The St. Johns River

St. Johns River between SR50 to SR46

Florida’s longest river is a liquid chameleon. During its slow 310-mile northerly journey, the St. Johns River morphs from a marsh in Indian River County into a broad waterway with expansive views as it flows to northeast Florida and into the Atlantic Ocean.

The sawgrass marsh areas of the river’s headwaters are teeming with alligators, wading birds and waterfowl. In Brevard County, the marsh becomes a navigable river, gently twisting as it crawls north. Then the river reveals a tapestry of lakes, bottle-clear spring runs and darkwater tributaries. As the river leaves Putnam County for Clay and St. Johns counties, it widens considerably, in some locations exceeding two miles across. After passing Mayport in Duval County, the longest river contained in the state of Florida ends its journey where it mixes with the Atlantic Ocean.

The St. Johns River is an ancient intracoastal lagoon system, which gets its tea color from tannins, a natural color caused by decaying plant material. As sea levels dropped, barrier islands became an obstacle that prevented water from flowing east to the ocean. The water collected in the flat valley and slowly meandered northward, forming the St. Johns River.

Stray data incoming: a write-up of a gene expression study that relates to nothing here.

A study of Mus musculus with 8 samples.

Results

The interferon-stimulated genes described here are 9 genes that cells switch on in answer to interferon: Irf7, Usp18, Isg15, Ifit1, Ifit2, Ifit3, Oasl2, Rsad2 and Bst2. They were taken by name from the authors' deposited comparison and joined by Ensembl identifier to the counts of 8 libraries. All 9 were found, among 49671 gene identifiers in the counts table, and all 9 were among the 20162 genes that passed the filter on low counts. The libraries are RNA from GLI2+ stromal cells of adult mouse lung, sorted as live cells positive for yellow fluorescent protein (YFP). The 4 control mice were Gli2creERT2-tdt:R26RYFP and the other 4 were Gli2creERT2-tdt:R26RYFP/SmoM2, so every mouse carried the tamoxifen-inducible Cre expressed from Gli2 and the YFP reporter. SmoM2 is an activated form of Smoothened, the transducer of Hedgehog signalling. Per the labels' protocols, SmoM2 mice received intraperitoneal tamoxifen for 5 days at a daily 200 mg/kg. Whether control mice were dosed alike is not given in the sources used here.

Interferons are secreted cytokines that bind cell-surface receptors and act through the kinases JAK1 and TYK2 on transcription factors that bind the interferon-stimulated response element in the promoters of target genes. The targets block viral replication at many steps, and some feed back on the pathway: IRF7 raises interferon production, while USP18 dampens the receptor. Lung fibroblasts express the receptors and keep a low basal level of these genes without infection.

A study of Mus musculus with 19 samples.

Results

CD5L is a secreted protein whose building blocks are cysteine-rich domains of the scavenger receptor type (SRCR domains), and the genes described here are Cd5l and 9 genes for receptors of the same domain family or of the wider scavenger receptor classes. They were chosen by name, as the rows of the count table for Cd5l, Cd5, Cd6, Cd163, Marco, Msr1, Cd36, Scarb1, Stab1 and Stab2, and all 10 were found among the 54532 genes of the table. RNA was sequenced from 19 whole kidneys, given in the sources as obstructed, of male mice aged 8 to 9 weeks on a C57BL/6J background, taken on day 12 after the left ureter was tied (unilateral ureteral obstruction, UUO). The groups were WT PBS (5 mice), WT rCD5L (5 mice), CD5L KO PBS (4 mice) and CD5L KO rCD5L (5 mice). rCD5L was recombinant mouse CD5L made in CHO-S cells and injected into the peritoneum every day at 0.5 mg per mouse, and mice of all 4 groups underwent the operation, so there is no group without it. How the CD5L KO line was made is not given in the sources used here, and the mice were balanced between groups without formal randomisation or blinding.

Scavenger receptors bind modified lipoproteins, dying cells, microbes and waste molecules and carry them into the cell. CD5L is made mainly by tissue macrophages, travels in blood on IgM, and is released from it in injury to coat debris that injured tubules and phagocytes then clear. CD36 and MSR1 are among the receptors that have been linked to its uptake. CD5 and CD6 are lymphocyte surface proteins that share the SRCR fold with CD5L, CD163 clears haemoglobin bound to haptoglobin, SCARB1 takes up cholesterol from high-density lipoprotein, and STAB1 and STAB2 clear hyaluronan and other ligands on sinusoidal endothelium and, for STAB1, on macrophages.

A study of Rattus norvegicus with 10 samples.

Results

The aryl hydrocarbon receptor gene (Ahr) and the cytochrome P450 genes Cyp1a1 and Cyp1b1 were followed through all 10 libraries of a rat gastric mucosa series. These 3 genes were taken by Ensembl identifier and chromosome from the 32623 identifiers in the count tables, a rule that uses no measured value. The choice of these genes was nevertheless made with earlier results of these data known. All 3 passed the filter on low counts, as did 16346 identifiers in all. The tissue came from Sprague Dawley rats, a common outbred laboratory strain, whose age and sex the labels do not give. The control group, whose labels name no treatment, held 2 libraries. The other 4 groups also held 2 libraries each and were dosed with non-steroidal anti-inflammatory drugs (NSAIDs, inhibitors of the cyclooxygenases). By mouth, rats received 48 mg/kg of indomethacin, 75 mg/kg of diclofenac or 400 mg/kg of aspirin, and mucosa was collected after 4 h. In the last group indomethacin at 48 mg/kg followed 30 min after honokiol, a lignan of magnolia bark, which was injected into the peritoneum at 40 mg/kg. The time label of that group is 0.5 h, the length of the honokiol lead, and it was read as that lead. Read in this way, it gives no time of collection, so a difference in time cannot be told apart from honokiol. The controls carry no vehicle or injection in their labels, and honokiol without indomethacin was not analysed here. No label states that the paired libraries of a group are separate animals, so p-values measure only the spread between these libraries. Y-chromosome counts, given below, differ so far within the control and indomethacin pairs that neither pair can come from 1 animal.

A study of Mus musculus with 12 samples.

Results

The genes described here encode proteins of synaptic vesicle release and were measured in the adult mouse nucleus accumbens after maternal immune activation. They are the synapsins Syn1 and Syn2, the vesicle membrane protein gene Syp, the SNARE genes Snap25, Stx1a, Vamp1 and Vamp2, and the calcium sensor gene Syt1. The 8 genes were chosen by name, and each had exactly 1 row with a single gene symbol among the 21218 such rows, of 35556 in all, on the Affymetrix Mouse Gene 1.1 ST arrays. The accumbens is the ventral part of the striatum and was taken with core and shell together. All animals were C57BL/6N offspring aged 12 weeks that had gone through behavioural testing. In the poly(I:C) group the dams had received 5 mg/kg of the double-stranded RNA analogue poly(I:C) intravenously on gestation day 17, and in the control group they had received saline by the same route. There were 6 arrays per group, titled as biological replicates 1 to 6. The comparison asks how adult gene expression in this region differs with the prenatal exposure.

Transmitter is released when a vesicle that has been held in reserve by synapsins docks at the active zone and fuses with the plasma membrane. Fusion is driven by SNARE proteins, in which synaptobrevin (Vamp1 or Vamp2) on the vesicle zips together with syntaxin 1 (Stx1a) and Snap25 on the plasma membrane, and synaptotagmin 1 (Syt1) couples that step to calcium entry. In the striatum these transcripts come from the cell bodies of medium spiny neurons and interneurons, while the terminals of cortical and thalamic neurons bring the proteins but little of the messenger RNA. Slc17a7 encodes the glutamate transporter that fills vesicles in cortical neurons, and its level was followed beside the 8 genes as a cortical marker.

The St. Johns — one of the few rivers in the United States that flows north — is one of the laziest rivers in the world. From its source in the marshes south of Melbourne to its mouth in Mayport, the river drops a total of less than 30 feet — or about one inch per mile. The incoming tide from the Atlantic Ocean causes the river to reverse its flow twice a day and in periods of low water, tides may cause a reverse flow as far south as Lake Monroe — 161 miles upstream from the river’s mouth. High and sustained northeasterly winds can result in many days of reversed flow. For these reasons, it is difficult for the river current to naturally flush pollutants.

The St. Johns River is divided into three watersheds (also known as drainage basins). Because the river flows north, the upper basin is the area to the south that forms its marshy headwaters in Indian River and Brevard counties. The middle basin is the area in central Florida where the river widens, forming lakes Harney, Jesup, Monroe and George. The lower basin is the area in northeast Florida from Putnam County to the river’s mouth in Duval County, where the river empties into the Atlantic Ocean. Major tributaries, or smaller streams and rivers that flow into the St. Johns River, include the Wekiva River, the Econlockhatchee River and the Ocklawaha River.

Wildlife is abundant in and around the St. Johns River. For hundreds of years, the river has been home to many plant species and marine animals — manatees, largemouth bass and many other types of fish, crabs, shrimp and other shellfish, river otters, waterfowl, blue herons and bald eagles, and alligators and other reptiles.

The St. Johns River is rich in history and culture, holds environmental and aesthetic value, plays an important role in the economy and serves as a place to call home for people and wildlife alike.